Expert Interview: New FHA Loan Limits

Five Star Capital

What are the new FHA loan limits in 2008?

The new FHA limits mimic the new conforming loan limits for each Metropolitan Statistical Area (MSA.) The office of Housing and Urban Development (HUD) released the new limits of each MSA based upon the median average home price in that area. These are determined by county. MSAs which did not have a median home value of more than $417K did not increase. However, other areas where the MSA is higher than $417K saw proportional increases. Some areas increased marginally, but some increased substantially. The maximum FHA loan limit anywhere in the U.S is currently $729,500.

Why did FHA change the limits?

The FHA limits changed as a result of the Economic Stimulus Plan that was passed earlier this year. The plan called for increases in Conforming Loans offered by the Government Sponsored Entities (GSE's) of Fannie Mae and Freddie Mac. Essentially, the GSE's increased their limits and FHA followed suit.

Previous FHA loan limits just couldn't keep up with the explosion of the home market over the past several years. Now that we're experiencing a housing slump, the increase in FHA limits is a way of stimulating and rejuvenating the housing market. As has been well documented, the economy has taken a turn for the worse lately, and much of that can be attributed to the slowing housing market. When people stop buying homes, builders stop building homes, contractors lose jobs, even home retailers suffer. By implementing higher FHA loan limits, the hope is that buyers will come back into the market. FHA offers some great incentives for buyers, including low down payments and less stringent credit guidelines than conventional loans offered by Fannie Mae or Freddie Mac.

Will this change affect applicants' chances of getting approved for an FHA loan?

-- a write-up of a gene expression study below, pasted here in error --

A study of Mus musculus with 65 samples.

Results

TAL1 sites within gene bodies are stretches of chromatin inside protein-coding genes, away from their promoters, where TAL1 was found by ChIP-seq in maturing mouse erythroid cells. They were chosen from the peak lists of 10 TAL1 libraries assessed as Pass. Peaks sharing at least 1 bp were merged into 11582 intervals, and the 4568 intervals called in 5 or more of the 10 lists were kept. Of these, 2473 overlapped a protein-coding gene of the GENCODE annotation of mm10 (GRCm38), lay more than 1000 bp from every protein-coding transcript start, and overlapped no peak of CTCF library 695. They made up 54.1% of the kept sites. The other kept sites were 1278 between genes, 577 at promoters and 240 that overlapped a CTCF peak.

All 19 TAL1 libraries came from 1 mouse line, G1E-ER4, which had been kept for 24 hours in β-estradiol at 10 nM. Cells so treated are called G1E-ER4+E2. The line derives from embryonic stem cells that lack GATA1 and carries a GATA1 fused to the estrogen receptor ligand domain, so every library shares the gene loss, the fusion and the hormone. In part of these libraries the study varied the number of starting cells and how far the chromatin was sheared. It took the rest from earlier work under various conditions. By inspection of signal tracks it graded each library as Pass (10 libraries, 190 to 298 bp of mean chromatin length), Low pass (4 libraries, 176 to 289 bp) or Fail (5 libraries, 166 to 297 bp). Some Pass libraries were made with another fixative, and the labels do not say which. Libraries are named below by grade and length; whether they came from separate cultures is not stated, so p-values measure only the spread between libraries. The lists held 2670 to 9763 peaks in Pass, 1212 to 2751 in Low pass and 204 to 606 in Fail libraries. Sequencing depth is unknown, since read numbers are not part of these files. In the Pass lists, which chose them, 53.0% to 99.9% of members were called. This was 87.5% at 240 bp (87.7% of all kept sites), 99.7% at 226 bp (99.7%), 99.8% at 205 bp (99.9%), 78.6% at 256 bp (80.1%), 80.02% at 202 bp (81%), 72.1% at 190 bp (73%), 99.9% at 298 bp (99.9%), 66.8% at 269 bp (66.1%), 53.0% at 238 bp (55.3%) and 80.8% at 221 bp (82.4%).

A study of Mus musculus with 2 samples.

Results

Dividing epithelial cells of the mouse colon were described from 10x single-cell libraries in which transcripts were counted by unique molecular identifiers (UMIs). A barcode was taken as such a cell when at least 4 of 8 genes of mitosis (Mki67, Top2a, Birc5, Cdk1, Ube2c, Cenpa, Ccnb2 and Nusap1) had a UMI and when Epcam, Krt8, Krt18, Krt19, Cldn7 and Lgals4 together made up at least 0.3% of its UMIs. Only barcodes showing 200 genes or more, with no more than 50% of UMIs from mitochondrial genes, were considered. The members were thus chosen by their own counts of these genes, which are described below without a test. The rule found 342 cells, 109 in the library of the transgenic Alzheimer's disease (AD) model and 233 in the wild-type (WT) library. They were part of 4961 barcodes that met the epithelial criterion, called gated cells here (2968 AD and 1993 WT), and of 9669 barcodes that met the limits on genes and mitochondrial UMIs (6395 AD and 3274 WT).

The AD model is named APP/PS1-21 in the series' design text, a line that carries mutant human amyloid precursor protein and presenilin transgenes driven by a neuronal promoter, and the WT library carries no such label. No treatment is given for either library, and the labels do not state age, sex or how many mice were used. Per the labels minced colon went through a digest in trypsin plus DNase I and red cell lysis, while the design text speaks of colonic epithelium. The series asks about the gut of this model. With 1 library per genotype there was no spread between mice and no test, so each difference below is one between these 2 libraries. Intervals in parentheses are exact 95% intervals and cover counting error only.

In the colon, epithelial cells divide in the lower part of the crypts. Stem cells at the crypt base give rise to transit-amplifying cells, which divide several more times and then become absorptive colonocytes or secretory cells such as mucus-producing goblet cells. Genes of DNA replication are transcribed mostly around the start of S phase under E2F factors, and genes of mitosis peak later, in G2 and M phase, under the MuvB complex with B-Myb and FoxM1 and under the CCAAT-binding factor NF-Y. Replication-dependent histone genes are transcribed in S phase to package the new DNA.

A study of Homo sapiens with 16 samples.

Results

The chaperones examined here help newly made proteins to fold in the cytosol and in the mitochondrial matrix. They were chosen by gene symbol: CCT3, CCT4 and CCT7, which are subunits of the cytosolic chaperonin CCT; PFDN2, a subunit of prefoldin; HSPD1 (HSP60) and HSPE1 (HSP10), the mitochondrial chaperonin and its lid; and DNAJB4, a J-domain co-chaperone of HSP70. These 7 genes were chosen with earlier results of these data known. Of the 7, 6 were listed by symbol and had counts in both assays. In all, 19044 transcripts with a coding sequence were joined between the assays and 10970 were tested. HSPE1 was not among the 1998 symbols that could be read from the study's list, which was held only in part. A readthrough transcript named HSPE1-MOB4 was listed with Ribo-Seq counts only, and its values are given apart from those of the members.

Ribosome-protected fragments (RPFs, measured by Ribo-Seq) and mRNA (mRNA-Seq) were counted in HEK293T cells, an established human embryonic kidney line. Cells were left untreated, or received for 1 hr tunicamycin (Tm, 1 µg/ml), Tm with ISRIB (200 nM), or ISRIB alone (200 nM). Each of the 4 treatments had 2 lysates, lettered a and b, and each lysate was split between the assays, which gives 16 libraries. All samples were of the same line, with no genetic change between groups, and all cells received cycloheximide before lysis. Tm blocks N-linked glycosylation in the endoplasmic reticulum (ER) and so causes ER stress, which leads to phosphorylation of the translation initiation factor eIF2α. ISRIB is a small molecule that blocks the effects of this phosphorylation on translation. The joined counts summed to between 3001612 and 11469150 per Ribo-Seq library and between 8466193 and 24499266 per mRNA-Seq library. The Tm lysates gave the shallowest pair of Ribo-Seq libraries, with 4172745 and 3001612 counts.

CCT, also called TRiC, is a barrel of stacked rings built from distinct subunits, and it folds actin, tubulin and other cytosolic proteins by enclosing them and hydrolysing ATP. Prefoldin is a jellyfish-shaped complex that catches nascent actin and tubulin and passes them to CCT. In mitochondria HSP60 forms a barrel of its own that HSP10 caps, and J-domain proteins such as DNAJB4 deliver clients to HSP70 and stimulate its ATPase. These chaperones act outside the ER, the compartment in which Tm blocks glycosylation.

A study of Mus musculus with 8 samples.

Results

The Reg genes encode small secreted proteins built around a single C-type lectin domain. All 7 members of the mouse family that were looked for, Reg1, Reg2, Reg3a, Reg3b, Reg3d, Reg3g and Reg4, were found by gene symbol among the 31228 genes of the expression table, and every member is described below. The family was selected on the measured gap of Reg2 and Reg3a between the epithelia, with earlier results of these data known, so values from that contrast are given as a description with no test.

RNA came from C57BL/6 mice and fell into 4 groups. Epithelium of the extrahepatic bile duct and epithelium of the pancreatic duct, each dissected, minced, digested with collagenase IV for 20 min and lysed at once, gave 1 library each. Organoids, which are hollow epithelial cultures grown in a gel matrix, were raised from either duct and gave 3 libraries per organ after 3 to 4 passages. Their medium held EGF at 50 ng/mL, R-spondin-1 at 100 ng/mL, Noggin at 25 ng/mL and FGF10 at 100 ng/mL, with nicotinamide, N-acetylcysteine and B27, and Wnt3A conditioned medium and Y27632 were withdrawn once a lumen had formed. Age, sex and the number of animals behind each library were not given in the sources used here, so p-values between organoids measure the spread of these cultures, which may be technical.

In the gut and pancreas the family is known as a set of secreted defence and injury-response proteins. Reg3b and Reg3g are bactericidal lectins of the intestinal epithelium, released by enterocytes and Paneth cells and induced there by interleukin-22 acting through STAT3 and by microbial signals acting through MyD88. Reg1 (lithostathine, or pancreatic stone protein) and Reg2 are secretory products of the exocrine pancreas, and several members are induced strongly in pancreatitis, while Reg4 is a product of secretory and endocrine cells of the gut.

The limit increase shouldn't affect borrowers' chances of being approved. FHA loans have always required full income documentation, and have always had guidelines in place in regards to debt-to-income of borrowers. That's one reason why FHA loans waned in popularity of the past several years; because so many other loan options were available that didn't rely on full documentation of a borrower's income.

However, we're in a very different lending climate now, so the full documentation and lower DTI are commonplace with many loan programs. The only borrowers who may still have difficulty obtaining FHA loans are self-employed borrowers who typically show less income due to business tax write-offs.

What is the benefit of an FHA loan over a conventional loan?

FHA loans allow for lower down payments on purchase loans. In some instances they only require that a buyer put 3% down on a loan. FHA is also more lenient on credit than conventional loans such as those offered by Fannie Mae. FHA loans are also accompanied by lower monthly mortgage insurance for high loan to value loans.

Moreover, FHA doesn't recognize "declining markets" in the same manner as Fannie Mae. Consider that you want to buy a home for $500K. You need to borrow 95% of the money to purchase that home, so you'd need to borrow $475K. If you apply for this conventional loan through Fannie Mae for example, and they deem that the home is located in a "declining market," (area where home values are going down), Fannie Mae will automatically reduce the amount of loan they will offer by 5%. Now, the maximum amount that Fannie Mae will lend is 90% loan to value, or $450K. FHA does not follow this practice.

Finally, FHA allows for up to 3% of a down payment to be a full gift; meaning that a borrower's relative or even a non-profit group which promotes homeownership by offering down payment assistance could provide entire down payment. Of course, gifts are allowed with conventional loans, however Fannie Mae and Freddie Mac demand that if a gift is between 1% - 19% ; the borrow will still need to provide 5% of their own money (gifts of 20% or more waive the 5%.)

The benefit is clearly then, that with FHA occasionally a borrower won't even need to bring in any of their own money initially.

Why are the new FHA limits of 2008 such a hot topic?

Lisa Alley, Mortgage Expert

The modernization of FHA has long been in the making. The previous limits were so low that for many states, where the average home prices exceeded the FHA limits, FHA loans became obsolete. After many years of lobbying for this change, residents in higher cost states now have the incredible opportunities that residents of lower cost states have always had. That is, FHA has now leveled the playing field so to speak for residents nationwide. Quite simply, FHA offers some amazing programs for first time buyers and seasoned buyers alike, and now borrowers can qualify for them from coast to coast. It's about time, too!

For More Information

Lisa Alley is a Managing Partner and Mortgage Broker with Five Star Capital in Huntington Beach, California. A ten year veteran of the mortgage industry, Lisa welcomes feedback and questions. She can be reached via e-mail at or by telephone: (714) 536-9500.